A Michigan Court has now stacked several full lifetimes atop the prison sentence of Larry Nassar. This is a man who, in November 2017, pleaded guilty to three incidences of “criminal sexual conduct” performed between 2009 and 2011 while working at a gymnastics club. The charges refer to his abuse of three young women specifically, who were all between the ages of 13 and 15 while they were under Nassar’s care. His total victims may number 265 or more. The first 60 years of his sentence are for child pornography alone.
Larry Nassar is not a good person. Unfortunately, there are others like him out there. But that’s not the full story — the full story must also include the people who protect the bad guys and sell their victims up the river.
There are forces in America who want to make it more difficult to drag execrable behavior into the daylight. As we speak, the state of Utah is under pressure from the Church of Jesus Christ of Latter-Day Saints to pass legislation to turn Utah into a so-called “two-party consent state” for audio and video recording. Concerned citizens are now rushing to their phones to let state representatives how they feel about this development.
Technologies like the dashboard camera and the hidden voice recorder have helped many victims of all manners of crimes take their stories public with compelling evidence. Progressives in Utah are calling out H.B. 330 — so-called “Communication Interception Amendments” — as what they are: legal protections for known abusers.
If this bill becomes law, it would make it illegal for citizens to record their private conversations and “interviews” with bishops. Having already taken several black eyes from dispatches like MormonLeaks and the Mormon Stories Podcast, the Mormon Church in Utah wants to make it far more difficult for the truth to reach receptive and sympathetic ears.
We can’t carry on as though churches have a monopoly on abusive behavior — that only reduces the perceived scale of the situation. As Larry Nassar, unfortunately, helped prove, abuse can happen anywhere there’s temptation to leverage one’s power over others. Nassar worked in close quarters with young women frequently without oversight of any kind.
Bishops in the Mormon Church have the opportunity to put their victims in similar corners. These young men and women are made to feel isolated and vulnerable. And after that, even if they do drum up the courage to go public, they’re forced to do battle in public court against a church or other institution that wields a legal department similar in size to that of a small sovereign nation.
What needs to change
Information has come to light that seems to indicate Michigan State University knew about some of the claims against Nassar — possibly for decades before his crimes went public — and never said anything about it to the authorities.
After lawsuits become ripe for the plucking is not the time to discuss child sexual abuse. It is morally correct for victims of this type of crime to receive recompense to alleviate some of their suffering, but these reactive, knee-jerk measures, applied retroactively like Band-Aids, make American culture and its pretenses of exceptionalism look dangerous, naïve and stupid.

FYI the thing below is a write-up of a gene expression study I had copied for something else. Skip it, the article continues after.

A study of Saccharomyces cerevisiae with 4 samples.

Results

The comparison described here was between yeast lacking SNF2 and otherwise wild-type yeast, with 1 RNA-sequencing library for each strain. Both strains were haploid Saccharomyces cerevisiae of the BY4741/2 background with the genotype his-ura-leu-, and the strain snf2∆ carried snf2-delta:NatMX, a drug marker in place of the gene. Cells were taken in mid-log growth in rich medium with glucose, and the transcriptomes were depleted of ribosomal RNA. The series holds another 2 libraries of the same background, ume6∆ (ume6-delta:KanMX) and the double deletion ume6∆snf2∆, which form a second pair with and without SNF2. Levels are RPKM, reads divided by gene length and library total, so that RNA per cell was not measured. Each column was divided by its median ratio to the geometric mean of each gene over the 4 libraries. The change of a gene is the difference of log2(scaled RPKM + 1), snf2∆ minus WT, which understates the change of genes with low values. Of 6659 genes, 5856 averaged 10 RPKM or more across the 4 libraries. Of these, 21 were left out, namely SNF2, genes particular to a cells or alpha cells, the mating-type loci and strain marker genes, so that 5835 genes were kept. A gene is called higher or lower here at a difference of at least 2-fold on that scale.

It’s not hard to see why many are making the incendiary suggestion that American society is in collapse. Can you possibly doubt it? America is not beyond redemption — not even remotely — but it seems the most visible appendages of our culture and institutions have taken an unpleasant trajectory lately.
America has always had a complex and embarrassing relationship with sex, but the #MeToo movement and the now-nearly-countless tales of abuse having been swept under the rug have finally begun to turn the tide. We have a movement now — something meaty we can sink our pitchforks into. But why did it have to come this far?
Crimes go unpunished in America regularly in the name of religious, political or personal convenience. Insofar as the world still looks to us for moral leadership, we are failing them miserably.
There’s no real lesson here, either, except perhaps to watch out for confirmation bias. We look for, and tend to see, only the bad guys we’ve been specifically trained to look for, after all. Most of us have, at one point or another, been instructed to “See something, say something” — at an airport about unattended luggage, for example, or perhaps about a neighbor who looks a little too Middle-Eastern for our president’s liking.
As a species, we are forever being encouraged to dispense our powers of observation, suspicion and surveillance in every direction except the ones that matter the most. We vilify immigrants because that’s what inexplicably charismatic politicians say to do. We vilify the working poor because we work hard and assume they do not. We vilify rape victims because we assume there is more to the story.
Our moral compasses have failed us, clearly, except for one: the court of public opinion. And that can be treacherous ground. Technology enables us now to bundle our grievances into movements — to connect victims from different places and different walks of life in common cause and common discomfort. Are we turning a corner, finally, toward mutual trust? Things are going to hurt for a bit longer, and the list of those hurt by sexual predators is, unfortunately, likely to get longer, too, but this particular type of secret, this kind of social harm, at least, is getting harder to hide by the day.